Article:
Here’s a live webcast from Fraser Cain, Phil Plait, et al.
Not sure if this will work. First time sharing picture from my skydrive account. But I just snapped this photo of Venus from my front yard through my 6″ dobsonian telescope. About as good as I could get from my smart phone holding it up to the eye piece.
Not bad Josh. Hold onto that historic photo to compare it with one 105 years from now.
For the picture of the transit 105 years from now, find an image of the sun online, go into MS Paint, and add a black circle with the erase tool.
Thanks! I’ll be sure to mark that in my calendar. Oh, and look I’m free that day.
I was just looking a little iPhone mount that clamps onto an eyepiece. I’m pretty sure I could make one out of a block of wood.
Duck tape. If you’re gonna be a redneck engineer you gotta do it right, dammit.
I just got back home from my unsuccessful attempt at observation. The sun threatened to break through the clouds a few times, but no go. Oh, well, at least I saw it in 2004.
Note to the Weather Channel website: “Partly Cloudy” does not mean “98% overcast with scattered sucker holes”.
Nice shots from the SDO, another program with my designs on it. You’re welcome.
Yeah, I got lucky. A thunderstorm off to my Southeast started throwing clouds in front of the Sun not long after I got home. That’s what I love about the Orion XT6. I keep it in the corner of the garage with a box full of plossel eye pieces, filters, and charts next to it. I can put it out on the sidewalk and start viewing in 5-10 minutes. It was so friggin’ hot out there though I only lasted about 15 minutes. I did crank the magnification up to 220x and had Venus pretty much taking up my whole field of view. I was hoping I could see the ring of the atmosphere over the surface. But there was just way too much heat rising off the ground that I couldn’t get a sharp focus. Oh well, at least I can say I saw the entire circumference of Venus now. Usually when you look at it it’s a crescent shape.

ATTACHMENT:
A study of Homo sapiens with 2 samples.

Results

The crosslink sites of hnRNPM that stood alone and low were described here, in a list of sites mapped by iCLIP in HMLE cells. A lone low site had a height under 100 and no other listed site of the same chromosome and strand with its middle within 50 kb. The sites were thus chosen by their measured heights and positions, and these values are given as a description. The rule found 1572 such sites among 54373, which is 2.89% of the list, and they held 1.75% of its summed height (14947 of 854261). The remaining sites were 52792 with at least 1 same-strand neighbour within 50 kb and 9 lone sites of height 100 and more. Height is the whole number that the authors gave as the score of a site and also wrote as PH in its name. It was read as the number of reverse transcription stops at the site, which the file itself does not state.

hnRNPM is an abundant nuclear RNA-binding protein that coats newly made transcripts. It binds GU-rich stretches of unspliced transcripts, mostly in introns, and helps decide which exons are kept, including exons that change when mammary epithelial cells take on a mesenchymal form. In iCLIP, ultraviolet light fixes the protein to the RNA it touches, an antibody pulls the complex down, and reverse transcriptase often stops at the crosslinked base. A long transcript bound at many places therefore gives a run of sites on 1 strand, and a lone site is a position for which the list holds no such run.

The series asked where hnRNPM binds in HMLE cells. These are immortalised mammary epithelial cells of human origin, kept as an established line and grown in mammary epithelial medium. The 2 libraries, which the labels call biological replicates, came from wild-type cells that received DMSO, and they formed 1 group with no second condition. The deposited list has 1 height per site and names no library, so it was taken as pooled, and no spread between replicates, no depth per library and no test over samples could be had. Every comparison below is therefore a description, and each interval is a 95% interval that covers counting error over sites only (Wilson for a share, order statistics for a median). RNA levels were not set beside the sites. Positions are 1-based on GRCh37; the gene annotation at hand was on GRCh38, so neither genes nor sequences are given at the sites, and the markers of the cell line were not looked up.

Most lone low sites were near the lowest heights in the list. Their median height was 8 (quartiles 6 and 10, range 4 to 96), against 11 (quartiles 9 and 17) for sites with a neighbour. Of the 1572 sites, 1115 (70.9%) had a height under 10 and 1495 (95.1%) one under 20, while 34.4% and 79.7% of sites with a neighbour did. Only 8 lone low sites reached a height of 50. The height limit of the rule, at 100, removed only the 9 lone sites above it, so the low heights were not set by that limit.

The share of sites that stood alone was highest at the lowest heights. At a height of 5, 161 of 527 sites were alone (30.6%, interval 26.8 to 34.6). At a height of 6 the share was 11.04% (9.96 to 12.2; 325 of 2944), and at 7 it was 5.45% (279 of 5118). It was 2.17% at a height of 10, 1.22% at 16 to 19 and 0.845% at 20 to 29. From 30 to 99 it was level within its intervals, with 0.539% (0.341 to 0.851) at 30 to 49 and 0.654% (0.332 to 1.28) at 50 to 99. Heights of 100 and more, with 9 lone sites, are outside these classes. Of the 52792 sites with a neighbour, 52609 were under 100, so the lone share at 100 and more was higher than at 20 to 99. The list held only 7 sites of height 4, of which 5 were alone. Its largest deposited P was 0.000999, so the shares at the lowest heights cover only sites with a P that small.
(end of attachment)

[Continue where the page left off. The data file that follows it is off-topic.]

I was just using my lil’ ol’ 60mm refractor my parents bought me when I was 15. It came with a solar projection screen attachment, which was pretty cool. About all I use it for nowadays is viewing partial solar eclipses. It was the top of the line model in the 1973 Sears catalog, I’ll have you know.
I wonder how common Earth transits are on Mars?
On Mars, an Earth/Moon transit would be very cool.
Here are some of my images taken from West Los Angeles through a 8″ Celestron with a solar filter. Interestingly, all the sun spots were in the center.
I saw sunspots all over the disk in your photo, so I cleaned my screen.
I have 8″ and 13.1″ Dobsons, but it was cloudy here, and I never bothered to buy a solar filter anyway.
Oddly, last night about 2:30 in the morning a drunk friend of a housemate climbed on top of a 10 foot brick wall to throw rocks at my window and get me out of bed, just so he could express his intense desire to grind and polish telescope mirror. If he becomes a famous astronomer in 20 years, my story will be up there with Hubbell driving mule trains up the mountain.
Very nice shot. You should edit the ‘flash used’ entry to say “yes” just to see if people are paying attention.
Astounding photo Bill, thats great!
Was anybody able to see it with the (properly filtered) naked eye? At a High School event we were issued solar glasses, but I only really feel I saw Venus through their telescope.
I used the binocular trick. Though considering I’m planning on traveling to see the 2017 total eclipse, I should gear-up before then.